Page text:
Vegetables: The Stuff Dreams are Made of OR How to do Back Breaking Seasonal Migrant Labor for Your 2 Week Vacation

When Ilsa gets an idea in her mind, there’s no letting go. Last year around this time, Ilsa decided she’s quit her print production publishing job, leave New York City after 19 years and start an organic vegetable farm in Central Massachusetts. The details around the circumstances are more serendipitous/ridiculous than the idea itself. For the last nine months, Ilsa has been farming, sunrise until sunset. In April I took my first trip out to see the beginnings of the farm. See the recap.

I ventured back to the farm for a 2 week stint to help with whatever I could possibly help with. This time around I was more prepared for what to expect. I went in mentally prepared to do anything, but really, I wanted to do everything that was anything besides sitting at a desk. And that I did. Planting, transplanting, shoveling, cooking, harvesting, weeding, raking, fertilizing and other such farm related activities kept us busy. We laughed, ate ridiculously fresh food, chatted about the trivial and higher things in life and reminisced about the people we used to be and the future of who we will be.

While I was there I was taking in as much of the experiences as I could. I processed a lot, let go of a lot but most interestingly, I learned a lot.

I learned that ________ (fill in the blank with any of the following statements):

It may be Labor Day and it may be my 27th birthday, but farmers don’t get days off. Harvesting kale, bok choi, parsley, transplanting fennel, shoveling manure, and reclaiming beds are all in a day’s work, regardless of national holidays and personal life milestones.

Yes, you can order 3 desserts for 2 people. Consumption may be a little more difficult.

Irrational fear of bats is still intact. Don’t want to talk about it.

It doesn’t really matter which came first, the chicken or the egg. What matters is that these chickens had a coup nicer than my apartment in NYC and I was jealous. Ok, maybe that doesn’t really matter but its still true.

Its true, one person can feed the mosquito population of the state of Massachusetts. That person would be me.

After 10 days of no processed foods or unnatural sugars, I’m not as big of a witch as I thought I would be. I’m actually quite amiable and a pleasure to be around. So I think.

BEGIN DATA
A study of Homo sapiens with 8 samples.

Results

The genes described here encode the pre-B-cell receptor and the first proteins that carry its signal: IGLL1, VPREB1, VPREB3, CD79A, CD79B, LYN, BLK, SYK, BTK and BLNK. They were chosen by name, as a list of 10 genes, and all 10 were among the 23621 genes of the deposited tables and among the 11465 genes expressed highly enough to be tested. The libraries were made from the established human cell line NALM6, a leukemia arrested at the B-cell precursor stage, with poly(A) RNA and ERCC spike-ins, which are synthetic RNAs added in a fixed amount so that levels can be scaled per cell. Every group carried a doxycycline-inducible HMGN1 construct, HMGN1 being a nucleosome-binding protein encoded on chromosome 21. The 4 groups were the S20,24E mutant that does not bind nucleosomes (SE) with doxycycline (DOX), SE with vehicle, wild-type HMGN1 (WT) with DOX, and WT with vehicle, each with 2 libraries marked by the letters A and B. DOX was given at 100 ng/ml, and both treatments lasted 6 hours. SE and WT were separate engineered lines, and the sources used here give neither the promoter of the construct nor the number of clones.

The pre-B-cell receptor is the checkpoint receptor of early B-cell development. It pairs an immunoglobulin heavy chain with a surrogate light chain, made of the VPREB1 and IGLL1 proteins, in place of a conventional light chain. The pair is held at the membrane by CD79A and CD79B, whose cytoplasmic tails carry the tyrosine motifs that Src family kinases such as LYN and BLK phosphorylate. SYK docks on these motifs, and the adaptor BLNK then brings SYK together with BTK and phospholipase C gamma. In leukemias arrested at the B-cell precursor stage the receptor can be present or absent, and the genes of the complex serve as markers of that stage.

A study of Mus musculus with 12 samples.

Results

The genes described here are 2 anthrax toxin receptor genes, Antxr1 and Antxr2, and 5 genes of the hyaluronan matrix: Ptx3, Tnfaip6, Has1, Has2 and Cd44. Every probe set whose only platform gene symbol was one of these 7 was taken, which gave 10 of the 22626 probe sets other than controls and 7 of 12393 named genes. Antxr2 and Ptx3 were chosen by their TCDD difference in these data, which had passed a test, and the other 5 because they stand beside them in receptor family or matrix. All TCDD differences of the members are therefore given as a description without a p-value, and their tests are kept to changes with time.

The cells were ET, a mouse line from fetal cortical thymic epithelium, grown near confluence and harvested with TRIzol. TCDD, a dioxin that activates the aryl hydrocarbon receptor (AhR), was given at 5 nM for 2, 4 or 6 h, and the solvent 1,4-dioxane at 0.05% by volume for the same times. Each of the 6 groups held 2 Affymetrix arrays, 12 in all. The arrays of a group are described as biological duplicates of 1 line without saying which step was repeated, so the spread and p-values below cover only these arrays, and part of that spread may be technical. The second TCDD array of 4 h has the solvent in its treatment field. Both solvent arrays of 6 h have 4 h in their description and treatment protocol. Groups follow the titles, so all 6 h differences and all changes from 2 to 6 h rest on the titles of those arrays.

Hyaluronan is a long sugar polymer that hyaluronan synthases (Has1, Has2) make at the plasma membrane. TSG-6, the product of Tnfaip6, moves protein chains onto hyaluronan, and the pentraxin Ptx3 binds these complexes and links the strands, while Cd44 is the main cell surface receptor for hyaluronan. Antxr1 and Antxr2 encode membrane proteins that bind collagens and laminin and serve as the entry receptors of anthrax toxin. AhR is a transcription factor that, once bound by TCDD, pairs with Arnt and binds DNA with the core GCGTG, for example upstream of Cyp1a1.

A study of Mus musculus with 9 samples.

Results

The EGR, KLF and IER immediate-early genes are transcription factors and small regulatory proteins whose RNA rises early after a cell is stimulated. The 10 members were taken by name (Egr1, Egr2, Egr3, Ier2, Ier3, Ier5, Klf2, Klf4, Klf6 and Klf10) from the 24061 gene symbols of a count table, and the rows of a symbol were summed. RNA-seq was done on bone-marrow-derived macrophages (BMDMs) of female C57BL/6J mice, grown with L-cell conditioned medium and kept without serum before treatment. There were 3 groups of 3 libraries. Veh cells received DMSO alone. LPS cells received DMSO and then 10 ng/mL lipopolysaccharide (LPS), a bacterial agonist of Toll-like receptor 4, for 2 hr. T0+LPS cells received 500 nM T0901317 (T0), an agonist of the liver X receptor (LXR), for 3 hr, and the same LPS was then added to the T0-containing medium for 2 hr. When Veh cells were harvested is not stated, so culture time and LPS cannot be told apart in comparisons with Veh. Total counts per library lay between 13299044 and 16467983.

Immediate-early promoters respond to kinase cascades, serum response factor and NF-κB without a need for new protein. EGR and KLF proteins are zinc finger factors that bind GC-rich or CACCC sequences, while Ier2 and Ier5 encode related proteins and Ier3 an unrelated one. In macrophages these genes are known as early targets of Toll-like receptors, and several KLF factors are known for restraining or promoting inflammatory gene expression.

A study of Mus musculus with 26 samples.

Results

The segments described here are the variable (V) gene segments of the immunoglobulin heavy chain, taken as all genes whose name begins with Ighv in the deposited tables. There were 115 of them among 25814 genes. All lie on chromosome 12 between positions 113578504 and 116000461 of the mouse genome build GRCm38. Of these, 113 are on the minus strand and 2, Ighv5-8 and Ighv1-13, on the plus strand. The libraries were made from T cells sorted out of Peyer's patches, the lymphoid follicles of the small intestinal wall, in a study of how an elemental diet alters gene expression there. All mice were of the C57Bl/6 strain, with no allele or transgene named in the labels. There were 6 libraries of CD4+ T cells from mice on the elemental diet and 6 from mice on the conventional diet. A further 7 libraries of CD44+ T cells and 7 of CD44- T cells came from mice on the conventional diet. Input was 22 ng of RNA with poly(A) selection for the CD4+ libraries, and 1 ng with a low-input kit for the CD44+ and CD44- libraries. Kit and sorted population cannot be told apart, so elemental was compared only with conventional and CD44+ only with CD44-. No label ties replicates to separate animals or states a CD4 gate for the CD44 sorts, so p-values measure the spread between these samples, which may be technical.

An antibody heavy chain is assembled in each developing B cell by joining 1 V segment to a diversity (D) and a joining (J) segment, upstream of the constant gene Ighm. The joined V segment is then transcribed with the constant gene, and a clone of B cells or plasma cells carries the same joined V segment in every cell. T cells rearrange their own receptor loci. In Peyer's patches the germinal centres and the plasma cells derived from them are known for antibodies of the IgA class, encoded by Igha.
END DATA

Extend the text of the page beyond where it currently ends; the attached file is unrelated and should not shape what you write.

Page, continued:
When Ilsa says, “we’re reclaiming beds,” it really just means we are ripping gnarly, waist high weeds from the earth, being attacked by frogs, chewed to bits by bugs while sweat pours into your eyes. Good times.

A plate of mashed potatoes is perfectly acceptable as an appetizer, lunch and/or dinner.

At the end of the day, when the sun has set and dinner is done, there isn’t a more gratifying feeling than stepping into a hot shower, lathering up in tiger balm and curling up in bed to read a good book.

Best wakeup call ever: “Its 730, If you want to start slowly making your way into an upright conscious state, that might work out well for all of us.”

Jumping on a trampoline is not as easy as it looks. Especially for some one of my grace and athletic abilities.

From an old lady at the market 1.) do everything you want to do in your life before 65. After that (insert hand gesture of a declining nature; 2.) I’m pretty. She could tell because she paints portraits.

The best friend does not understand the term “wing man.” I was left to own defenses of the creepy middle aged man who couldn't contain his need to recite poetry and simultaneously test my “poker face of interest.”

I can cross of migrant seasonal labor off my list of future careers. Particularly heavy things.

Before Ilsa turns 50 we’re going to see a movie in the French Riviera. Just because we we’ll be able to once her or I make our millions.

Great food starts with great ingredients. In the words of Michael Pollan, “Eat Food, not much, mostly plants.”

The biggest lesson of the trip: You've got one life to live, so live it and live it well.